The European Union faces a problem of uneven implementation of its rules by national authorities. Agreement on common rules at the Community level does not necessarily translate into commitment to apply those rules coherently and effectively. This "implementation deficit" will worsen as new members enter the Union because the European Commission is unlikely to be able to maintain the same vigilance as guardian of the Treaties.
This study argues that effective policy application and enforcement depends on national authorities that are empowered, sufficiently independent and fully accountable. Excessive political control either by the Member States or Community institutions is counter-productive. This is because implementing authorities need to maintain a degree of autonomy and discretion to be able to respond to changing market conditions. It is for this reason that accountability instruments are indispensable. They restrain discretion without sacrificing flexibility.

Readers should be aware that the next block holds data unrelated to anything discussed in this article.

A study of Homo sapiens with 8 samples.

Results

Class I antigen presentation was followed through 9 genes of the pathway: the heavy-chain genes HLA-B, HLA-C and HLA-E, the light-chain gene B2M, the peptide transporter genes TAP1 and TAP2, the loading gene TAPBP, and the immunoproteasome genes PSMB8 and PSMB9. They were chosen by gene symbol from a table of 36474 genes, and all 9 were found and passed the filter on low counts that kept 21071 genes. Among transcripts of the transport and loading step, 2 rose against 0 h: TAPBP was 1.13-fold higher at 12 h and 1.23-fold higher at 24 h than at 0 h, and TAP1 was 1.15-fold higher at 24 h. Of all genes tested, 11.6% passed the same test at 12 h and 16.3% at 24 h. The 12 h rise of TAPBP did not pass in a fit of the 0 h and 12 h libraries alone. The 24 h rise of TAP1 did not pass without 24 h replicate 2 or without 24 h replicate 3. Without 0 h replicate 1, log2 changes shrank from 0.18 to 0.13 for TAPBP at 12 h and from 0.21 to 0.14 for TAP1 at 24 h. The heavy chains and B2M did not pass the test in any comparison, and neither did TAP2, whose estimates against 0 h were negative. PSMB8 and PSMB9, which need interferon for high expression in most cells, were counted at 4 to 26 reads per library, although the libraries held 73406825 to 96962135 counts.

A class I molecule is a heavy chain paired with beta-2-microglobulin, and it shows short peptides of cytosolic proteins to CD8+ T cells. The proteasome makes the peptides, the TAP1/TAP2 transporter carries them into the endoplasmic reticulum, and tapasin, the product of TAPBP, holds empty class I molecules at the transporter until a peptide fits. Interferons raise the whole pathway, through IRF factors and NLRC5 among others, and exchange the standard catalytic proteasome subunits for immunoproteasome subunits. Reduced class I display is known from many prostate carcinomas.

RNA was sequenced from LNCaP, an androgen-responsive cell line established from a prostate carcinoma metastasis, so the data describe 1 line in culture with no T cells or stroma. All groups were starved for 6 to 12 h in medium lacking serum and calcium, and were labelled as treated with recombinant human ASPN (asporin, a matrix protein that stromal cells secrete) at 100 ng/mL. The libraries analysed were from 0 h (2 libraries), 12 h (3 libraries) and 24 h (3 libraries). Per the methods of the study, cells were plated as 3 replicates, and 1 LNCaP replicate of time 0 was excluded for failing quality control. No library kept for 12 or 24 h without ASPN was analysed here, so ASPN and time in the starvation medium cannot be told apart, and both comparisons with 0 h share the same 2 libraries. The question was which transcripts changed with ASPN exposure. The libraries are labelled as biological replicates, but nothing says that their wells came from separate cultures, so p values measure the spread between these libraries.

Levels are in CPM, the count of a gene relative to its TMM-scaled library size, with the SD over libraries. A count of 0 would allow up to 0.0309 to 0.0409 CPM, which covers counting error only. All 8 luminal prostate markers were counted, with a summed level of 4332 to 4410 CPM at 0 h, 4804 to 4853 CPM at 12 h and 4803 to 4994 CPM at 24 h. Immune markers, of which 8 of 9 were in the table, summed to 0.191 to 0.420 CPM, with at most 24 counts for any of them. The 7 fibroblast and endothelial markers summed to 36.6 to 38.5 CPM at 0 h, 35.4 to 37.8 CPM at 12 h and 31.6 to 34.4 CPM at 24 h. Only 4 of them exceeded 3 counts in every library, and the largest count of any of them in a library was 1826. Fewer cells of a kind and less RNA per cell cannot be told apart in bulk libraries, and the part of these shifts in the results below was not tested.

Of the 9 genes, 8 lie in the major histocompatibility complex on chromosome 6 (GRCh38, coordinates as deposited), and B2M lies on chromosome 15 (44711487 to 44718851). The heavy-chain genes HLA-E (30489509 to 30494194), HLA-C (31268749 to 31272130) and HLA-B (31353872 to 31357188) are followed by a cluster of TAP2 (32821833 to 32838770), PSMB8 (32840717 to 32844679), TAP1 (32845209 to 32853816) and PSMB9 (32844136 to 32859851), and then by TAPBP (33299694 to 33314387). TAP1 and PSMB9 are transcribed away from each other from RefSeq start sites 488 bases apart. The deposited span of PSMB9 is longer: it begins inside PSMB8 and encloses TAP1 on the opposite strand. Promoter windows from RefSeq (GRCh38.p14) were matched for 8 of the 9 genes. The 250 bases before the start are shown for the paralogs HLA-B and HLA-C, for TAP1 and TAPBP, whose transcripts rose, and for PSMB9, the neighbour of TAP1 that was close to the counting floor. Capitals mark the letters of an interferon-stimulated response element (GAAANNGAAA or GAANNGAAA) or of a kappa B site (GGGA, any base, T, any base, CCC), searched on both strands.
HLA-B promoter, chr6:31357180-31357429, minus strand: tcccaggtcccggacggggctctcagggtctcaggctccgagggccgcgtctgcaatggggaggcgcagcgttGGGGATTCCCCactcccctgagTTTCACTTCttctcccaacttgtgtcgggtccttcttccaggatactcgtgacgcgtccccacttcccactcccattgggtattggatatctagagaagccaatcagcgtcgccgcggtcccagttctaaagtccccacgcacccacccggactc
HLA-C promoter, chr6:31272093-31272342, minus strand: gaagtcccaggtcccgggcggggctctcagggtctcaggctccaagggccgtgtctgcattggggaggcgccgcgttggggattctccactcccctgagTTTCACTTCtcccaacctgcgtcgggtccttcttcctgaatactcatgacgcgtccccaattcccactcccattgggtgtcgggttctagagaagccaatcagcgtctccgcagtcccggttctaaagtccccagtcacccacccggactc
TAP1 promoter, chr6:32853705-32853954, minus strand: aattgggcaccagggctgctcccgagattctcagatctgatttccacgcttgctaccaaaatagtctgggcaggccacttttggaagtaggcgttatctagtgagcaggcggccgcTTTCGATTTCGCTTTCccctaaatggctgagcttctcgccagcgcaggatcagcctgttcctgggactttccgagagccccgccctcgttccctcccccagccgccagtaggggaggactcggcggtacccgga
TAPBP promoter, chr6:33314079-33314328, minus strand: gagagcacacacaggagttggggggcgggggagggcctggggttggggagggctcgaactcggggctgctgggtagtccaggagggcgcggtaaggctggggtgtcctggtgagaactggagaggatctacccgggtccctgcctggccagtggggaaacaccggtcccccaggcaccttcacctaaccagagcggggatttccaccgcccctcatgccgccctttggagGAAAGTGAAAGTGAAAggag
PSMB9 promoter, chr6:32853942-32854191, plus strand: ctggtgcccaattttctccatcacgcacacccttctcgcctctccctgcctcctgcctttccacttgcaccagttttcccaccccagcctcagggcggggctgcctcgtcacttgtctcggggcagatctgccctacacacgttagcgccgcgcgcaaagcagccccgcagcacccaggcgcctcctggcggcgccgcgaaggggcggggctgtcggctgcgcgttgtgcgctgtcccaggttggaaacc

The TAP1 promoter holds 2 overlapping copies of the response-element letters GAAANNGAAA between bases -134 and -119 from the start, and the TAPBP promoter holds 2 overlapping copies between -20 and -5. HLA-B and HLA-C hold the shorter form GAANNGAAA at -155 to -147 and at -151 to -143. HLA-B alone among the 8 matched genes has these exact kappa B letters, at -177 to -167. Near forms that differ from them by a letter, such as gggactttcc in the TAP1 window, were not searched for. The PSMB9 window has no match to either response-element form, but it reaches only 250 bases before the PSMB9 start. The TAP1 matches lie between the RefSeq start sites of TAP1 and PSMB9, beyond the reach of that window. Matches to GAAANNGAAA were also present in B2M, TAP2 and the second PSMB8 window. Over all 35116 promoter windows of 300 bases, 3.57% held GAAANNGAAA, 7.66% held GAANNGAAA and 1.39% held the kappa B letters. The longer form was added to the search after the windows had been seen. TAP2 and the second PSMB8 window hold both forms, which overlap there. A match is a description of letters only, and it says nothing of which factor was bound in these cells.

This study examines the institutional arrangements in Member States and candidate countries for national regulatory authorities (NRAs) and considers how they may be made more accountable. It proposes performance appraisals and peer reviews.
Peer reviews can also be carried out at the European level. But they should be widened in order to identify best practices and national methods of problem solving. In this way, NRAs, and especially NRAs in the future Member States, will learn from each other. This learning is indispensable to counter-balance the decision-making independence of NRAs. It can stimulate a healthy competition of ideas that will contribute to regulatory convergence and consistent application of EU law without regulatory ossification and inflexibility.